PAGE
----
Kroenke’s LA stadium proposal would house 2 teams

An artist renderings of a proposed NFL stadium for the St. Louis riverfront, is displayed during a press conference in St. Louis on January 9, 2015. The proposed open-air, riverfront stadium – which would seat 64,000, with 7,500 club seats and could double as a soccer stadium is being considered for an NFL team. St. Louis Rams owner Stan Kroenke has indicated he will build a new stadium in the Los Angeles area, but has not indicated if he will move the St. Louis Rams. The Rams now have a year-to-year lease on the 20-year old Edward Jones Dome. Photo by Bill Greenblatt/UPI,An artist renderings of a proposed NFL stadium for the St. Louis riverfront, is displayed during a press conference in St. Louis on January 9, 2015. The proposed open-air, riverfront stadium – which would seat 64,000, with 7,500 club seats and could double as a soccer stadium is being considered for an NFL team. St. Louis Rams owner Stan Kroenke has indicated he will build a new stadium in the Los Angeles area, but has not indicated if he will move the St. Louis Rams. The Rams now have a year-to-year lease on the 20-year old Edward Jones Dome. 

BILL GREENBLATT/UPI

LOS ANGELES (AP) — An NFL team owner has designed a Los Angeles-area stadium for two clubs — with two home locker rooms, identical sets of office space and two owners’ suites.

St. Louis Rams’ owner Stan Kroenke doesn’t need to partner with a second team to finance the $1.86-billion venue in Inglewood, but the league considers Los Angeles a two-team market and wants a stadium that could accommodate both, according to the Los Angeles Times (http://lat.ms/1bluJSd ).

His plan competes with one by the San Diego Chargers and Oakland Raiders, who want to share a stadium in Carson.

Kroenke hasn’t said he plans to move the Rams, but analysts doubt he would invest in a stadium and not use it for his team.

The Times reported details of the stadium’s design as league owners prepared to gather Monday in Phoenix and shortly after the Chargers and Raiders offered their rival plan. Any franchise would need the support of three-quarters of the league’s 32 owners to move to the nation’s second-largest market, which hasn’t had an NFL franchise since 1994.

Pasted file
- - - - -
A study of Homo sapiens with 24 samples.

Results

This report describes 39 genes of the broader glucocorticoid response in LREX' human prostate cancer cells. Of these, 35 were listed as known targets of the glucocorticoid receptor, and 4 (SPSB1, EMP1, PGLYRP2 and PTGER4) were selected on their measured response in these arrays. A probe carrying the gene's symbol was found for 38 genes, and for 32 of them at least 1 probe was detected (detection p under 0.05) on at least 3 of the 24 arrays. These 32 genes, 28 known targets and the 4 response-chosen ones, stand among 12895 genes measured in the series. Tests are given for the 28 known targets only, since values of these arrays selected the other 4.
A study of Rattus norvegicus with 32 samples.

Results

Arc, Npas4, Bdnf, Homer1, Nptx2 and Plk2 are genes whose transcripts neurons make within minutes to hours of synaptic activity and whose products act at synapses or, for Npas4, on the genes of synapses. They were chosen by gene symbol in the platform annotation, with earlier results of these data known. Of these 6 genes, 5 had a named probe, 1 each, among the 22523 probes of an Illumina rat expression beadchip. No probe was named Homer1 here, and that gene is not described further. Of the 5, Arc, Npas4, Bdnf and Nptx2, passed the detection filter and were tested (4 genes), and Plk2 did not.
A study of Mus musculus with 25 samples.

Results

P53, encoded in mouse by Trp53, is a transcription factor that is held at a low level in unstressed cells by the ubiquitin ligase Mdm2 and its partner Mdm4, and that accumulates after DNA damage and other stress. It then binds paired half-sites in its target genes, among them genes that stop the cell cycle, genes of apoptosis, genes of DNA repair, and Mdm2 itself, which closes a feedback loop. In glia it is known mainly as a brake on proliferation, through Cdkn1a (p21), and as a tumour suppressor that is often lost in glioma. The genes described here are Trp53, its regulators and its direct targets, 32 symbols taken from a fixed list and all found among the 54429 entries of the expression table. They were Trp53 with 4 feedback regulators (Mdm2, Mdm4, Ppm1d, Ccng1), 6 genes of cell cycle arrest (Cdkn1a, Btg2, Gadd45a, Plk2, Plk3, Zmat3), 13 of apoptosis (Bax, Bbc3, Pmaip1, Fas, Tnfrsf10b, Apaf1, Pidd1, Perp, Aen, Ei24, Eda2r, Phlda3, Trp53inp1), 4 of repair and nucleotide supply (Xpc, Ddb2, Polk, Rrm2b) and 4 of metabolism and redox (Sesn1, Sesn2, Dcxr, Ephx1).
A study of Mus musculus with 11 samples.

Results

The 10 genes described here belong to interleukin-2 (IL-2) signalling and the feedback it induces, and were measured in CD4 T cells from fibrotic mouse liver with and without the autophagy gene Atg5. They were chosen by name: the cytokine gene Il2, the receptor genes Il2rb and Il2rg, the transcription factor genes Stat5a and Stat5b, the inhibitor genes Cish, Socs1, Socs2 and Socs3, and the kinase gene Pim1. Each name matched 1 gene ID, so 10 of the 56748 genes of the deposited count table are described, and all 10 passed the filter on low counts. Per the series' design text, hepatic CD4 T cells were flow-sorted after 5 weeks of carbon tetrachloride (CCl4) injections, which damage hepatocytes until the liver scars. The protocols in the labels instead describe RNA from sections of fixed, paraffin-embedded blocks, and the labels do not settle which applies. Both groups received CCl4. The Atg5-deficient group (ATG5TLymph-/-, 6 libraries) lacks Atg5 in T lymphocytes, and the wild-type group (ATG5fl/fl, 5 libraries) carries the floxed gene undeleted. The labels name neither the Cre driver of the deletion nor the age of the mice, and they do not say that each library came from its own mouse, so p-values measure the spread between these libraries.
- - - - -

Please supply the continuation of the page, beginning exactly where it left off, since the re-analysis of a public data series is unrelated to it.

Renderings for the privately funded venue show a light metallic, wave-shaped structure featuring a roof that encompasses the stadium and a surrounding plaza. The roof has metal borders, but the area over the playing field is made of a transparent material called ETFE, which is as clear as a car windshield and strong enough to support the weight of a vehicle.

While the roof of the stadium would be 275 feet above the playing field, the building would be set into the ground, giving it an above-ground profile of 175 feet, lower than most enclosed stadiums. The proposed venue conforms to the height restrictions imposed on buildings within close proximity to Los Angeles International Airport.

The Times said the roof gives Kroenke the ability to create a billboard visible to more than 35 million travelers who fly in and out of Los Angeles each year.

Loading docks, mechanical yards and other infrastructure would be below ground and accessible via tunnels located near the stadium. Counting the underground and surface parking, 9,000 spaces would be dedicated to the stadium alone, with others in the nearby office and retail buildings.

HKS, Kroenke’s architectural firm and the designer of stadiums for the Dallas Cowboys and Indianapolis Colts, estimates the project would take fewer than three years to build.